January 21, 1993

BONN, Germany (AP) _ Parliament took its first step Thursday toward closing Germany’s borders to unwanted refugees. A U.N. refugee official said the move ultimately could destroy the international asylum system.

The bill to water down Germany’s liberal asylum laws had its first reading in the Bundestag, the lower house of Parliament. It was drawn up by the major political parties, and its passage by Parliament is expected within weeks.

The new legislation would alter the 1949 constitution, which has allowed almost anyone to receive asylum, partly in atonement for the Nazi’s persecution of foreigners.

Chancellor Helmut Kohl’s government pressed hard for the revision because a huge influx of refugees - a record 440,000 last year - has strained social welfare funds and fueled neo-Nazi attacks against foreigners.

There were more than 2,100 radical rightist attacks in 1992, and 17 people, including Germans and foreigners, were killed.

The constitution now permits asylum-seekers to remain in the country until their cases are decided, including an appeals process that can drag on for years. During that time the state pays to care for the refugees.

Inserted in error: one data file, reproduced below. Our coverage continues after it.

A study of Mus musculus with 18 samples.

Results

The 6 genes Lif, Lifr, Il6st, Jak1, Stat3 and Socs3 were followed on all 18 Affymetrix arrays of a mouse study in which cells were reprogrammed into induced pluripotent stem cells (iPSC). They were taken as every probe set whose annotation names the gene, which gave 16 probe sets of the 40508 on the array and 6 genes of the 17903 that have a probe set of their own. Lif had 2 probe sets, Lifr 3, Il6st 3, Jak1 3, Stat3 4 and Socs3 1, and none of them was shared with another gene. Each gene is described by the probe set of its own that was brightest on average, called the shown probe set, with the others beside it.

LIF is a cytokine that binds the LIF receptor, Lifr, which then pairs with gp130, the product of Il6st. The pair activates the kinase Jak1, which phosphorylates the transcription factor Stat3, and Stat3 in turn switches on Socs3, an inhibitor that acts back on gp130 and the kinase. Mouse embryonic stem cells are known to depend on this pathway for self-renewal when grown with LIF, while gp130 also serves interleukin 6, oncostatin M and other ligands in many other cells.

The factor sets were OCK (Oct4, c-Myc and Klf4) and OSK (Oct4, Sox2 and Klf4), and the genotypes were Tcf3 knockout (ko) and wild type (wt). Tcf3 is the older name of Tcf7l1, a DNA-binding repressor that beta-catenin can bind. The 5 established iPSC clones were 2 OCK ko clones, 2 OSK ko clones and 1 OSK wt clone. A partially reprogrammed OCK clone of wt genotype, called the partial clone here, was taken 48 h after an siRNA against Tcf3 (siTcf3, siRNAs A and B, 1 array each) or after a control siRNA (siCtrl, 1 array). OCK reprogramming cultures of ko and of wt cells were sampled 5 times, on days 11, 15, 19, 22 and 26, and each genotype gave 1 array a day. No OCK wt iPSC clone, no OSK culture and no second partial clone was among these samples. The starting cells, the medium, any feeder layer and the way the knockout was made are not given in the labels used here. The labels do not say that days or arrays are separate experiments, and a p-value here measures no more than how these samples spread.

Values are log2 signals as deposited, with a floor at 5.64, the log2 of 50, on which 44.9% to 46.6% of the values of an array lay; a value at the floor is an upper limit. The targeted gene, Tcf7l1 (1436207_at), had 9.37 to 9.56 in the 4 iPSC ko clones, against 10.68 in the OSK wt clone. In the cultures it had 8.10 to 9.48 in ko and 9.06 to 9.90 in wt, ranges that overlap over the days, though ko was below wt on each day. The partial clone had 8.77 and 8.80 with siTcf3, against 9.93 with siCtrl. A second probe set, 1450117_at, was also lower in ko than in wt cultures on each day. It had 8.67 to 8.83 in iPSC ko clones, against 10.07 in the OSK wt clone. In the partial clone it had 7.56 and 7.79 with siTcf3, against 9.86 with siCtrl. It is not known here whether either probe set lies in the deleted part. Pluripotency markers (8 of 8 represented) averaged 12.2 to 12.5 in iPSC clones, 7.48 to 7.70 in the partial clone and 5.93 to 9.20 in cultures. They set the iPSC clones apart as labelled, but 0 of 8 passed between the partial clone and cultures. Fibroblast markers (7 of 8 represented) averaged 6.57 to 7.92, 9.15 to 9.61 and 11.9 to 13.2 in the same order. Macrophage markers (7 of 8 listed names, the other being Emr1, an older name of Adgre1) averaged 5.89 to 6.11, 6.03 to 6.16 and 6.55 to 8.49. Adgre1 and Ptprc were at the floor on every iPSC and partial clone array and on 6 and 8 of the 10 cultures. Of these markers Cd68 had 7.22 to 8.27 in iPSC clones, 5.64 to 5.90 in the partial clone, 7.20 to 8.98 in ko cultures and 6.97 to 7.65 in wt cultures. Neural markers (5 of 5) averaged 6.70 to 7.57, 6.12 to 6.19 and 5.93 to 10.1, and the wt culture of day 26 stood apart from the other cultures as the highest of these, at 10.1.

Under the proposed change, the right to asylum would be guaranteed only if a refugee faces political persecution at home. Others would be turned back at the border.

Parliament will decide which nations are free of political persecution.

Politicians of the governing-coalition praised the bill. Members of the main opposition Social Democrats accepted it with resignation.

The leftist party had long opposed it but acquiesced in hopes that the curbs will lessen xenophobia.

But novelist Guenter Grass quit the party in protest, and a minority of Social Democrats will probably oppose the bill when it comes to a vote.

″This asylum compromise makes me furious. It is a rotten, dishonorable compromise,″ said Konrad Weiss, a member of Alliance 90, a small party founded by former East German dissidents.

Walter Koisser, the German representative for the U.N. High Commissioner for Refugees, said other countries might follow Germany’s lead and tighten their asylum laws.

″Substantial improvements″ are needed in the bill to prevent a ″domino effect leading to a breakdown of the international asylum system,″ Koisser said.

He suggested in a news release that instead of turning back refugees at the border, Germany should introduce an ″efficient examination procedure″ to determine which refugees lack sufficient grounds for seeking asylum.